Eddie Mannix: the real-life Hollywood fixer, studio executive and producer who inspired Coen brothers’ “Hail, Caesar!”

 
 
 

Set in 1951, this movie offers an entertaining look inside the movie-making machinery of Hollywood through the eyes of a “studio fixer” who has the same name as Mannix. His job is to protect movie stars from situations that can cause massive scandals, so to achieve that, he must unleash his creativity and often deal with rather shady people. Being loosely based on the life of Eddie Mannix, the movie depicts some real situations and happenings from the history of Hollywood in which Eddie was involved.

A picture of Eddie Mannix in 1935

To understand the film, one must know about the dealings Mannix was involved in. While Louis B. Mayer, one of the co-founders of MGM, was trying to promote the studio as family friendly as possible, Mannix and his publicity department did all of the dirty work involved in maintaining that image. Here are some of the things he did during his “day-to-day job” in the studio. It turns out that the reality of Hollywood was darker than the glamor we often see depicted in the movies.

During the 1930s one of the MGM executives was involved in a rape. Mannix was called on the case and swiftly managed to destroy the charges regardless of the fact that the victim (Patricia Douglas) already went to the district attorney and presented her case.

There is one real-life situation that is shown in “Hail, Caesar!” and is probably one of Mannix’s greatest cover-ups: the arranging of Loretta Young’s adoption of her own child. A secret that was carefully kept for more than 65 years. Apparently, the young Loretta Young had an affair with her married co-star Clark Gable during the filming of The Call of the Wild (1935). The affair ended up with Loretta getting pregnant while being unmarried, which was a huge taboo during those years. Mannix managed to stage a huge cover-up in which the pregnant Loretta disappeared in Europe for 19 months and then reappeared again, claiming that she adopted her own newborn daughter. She told her daughter (Judy Lewis) the truth when she turned 23.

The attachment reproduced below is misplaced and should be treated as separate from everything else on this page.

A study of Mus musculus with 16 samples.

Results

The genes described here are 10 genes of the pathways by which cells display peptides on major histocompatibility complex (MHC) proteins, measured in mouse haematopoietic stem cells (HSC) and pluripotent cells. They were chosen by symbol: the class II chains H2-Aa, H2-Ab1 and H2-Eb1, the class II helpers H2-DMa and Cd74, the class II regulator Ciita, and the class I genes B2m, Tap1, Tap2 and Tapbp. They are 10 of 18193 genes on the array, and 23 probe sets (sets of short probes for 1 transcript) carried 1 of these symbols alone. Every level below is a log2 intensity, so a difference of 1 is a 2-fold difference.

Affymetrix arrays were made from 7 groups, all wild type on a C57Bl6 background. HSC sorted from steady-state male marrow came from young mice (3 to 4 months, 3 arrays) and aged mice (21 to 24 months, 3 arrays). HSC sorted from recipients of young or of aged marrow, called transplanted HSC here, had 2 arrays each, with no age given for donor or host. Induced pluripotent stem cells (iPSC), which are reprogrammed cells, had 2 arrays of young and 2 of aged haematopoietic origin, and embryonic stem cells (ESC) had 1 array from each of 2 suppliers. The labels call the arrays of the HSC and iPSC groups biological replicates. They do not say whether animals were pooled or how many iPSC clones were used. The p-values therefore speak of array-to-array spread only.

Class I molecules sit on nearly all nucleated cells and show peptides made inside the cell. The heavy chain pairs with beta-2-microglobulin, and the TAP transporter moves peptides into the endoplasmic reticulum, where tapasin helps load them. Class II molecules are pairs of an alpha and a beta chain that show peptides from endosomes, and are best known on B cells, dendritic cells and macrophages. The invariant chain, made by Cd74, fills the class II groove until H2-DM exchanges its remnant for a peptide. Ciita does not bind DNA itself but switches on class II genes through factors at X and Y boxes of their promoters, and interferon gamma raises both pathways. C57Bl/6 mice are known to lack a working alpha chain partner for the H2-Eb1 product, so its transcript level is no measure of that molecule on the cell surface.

Loretta Young and Clark Gable

This other story is about a controversial suicide and involves Mannix in a personal way. George Reeves was the actor that portrayed  Superman in the original TV series (1952-1958), but unfortunately, he had an affair with Mannix’s wife, Toni. His life soon changed. After having a few car accidents in a row, in 1959 he was found dead with a gunshot wound to his head. His death was ruled as a suicide, but there were rumors that Mannix arranged it.

The list of studio cases in which Mannix intervened as a fixer is huge. Some of those were small incidents that were soon forgotten, but some of those were remembered. For example, he dealt with Judy Garland’s drug addiction in several situations and with Mickey Rooney’s “serial cheater” problem. He also convinced many young movie stars to terminate their unwanted pregnancies and falsely accused innocent people of crimes they didn’t do in order to protect his stars. This was all in a day work for Eddie Mannix.

George Reeves

Mannix wasn’t alone in the business of fixing things for the industry. Besides him, there were many other fixers working on similar cases and, of course, the studio was always there to help him with everything he needed. We mustn’t forget that the studios such as Metro-Goldwyn-Mayer had huge resources at their disposal.

The backlot of MGM was a huge property spread over 176 acres, holding 200 permanent buildings that included a dentist and a barbershop. It was literary a small town, with its own railway station and 2700 workers on a daily basis. The studio had its doctors and a specially trained police force that was able to recognize all of the major people involved in the studio’s projects. If something went wrong, those were the people that were called first instead of the LAPD.

The MGM backlot in 1922

Although rarely mentioned, Eddie Mannix was an influential person in the American movie history that made a huge impact on the whole industry.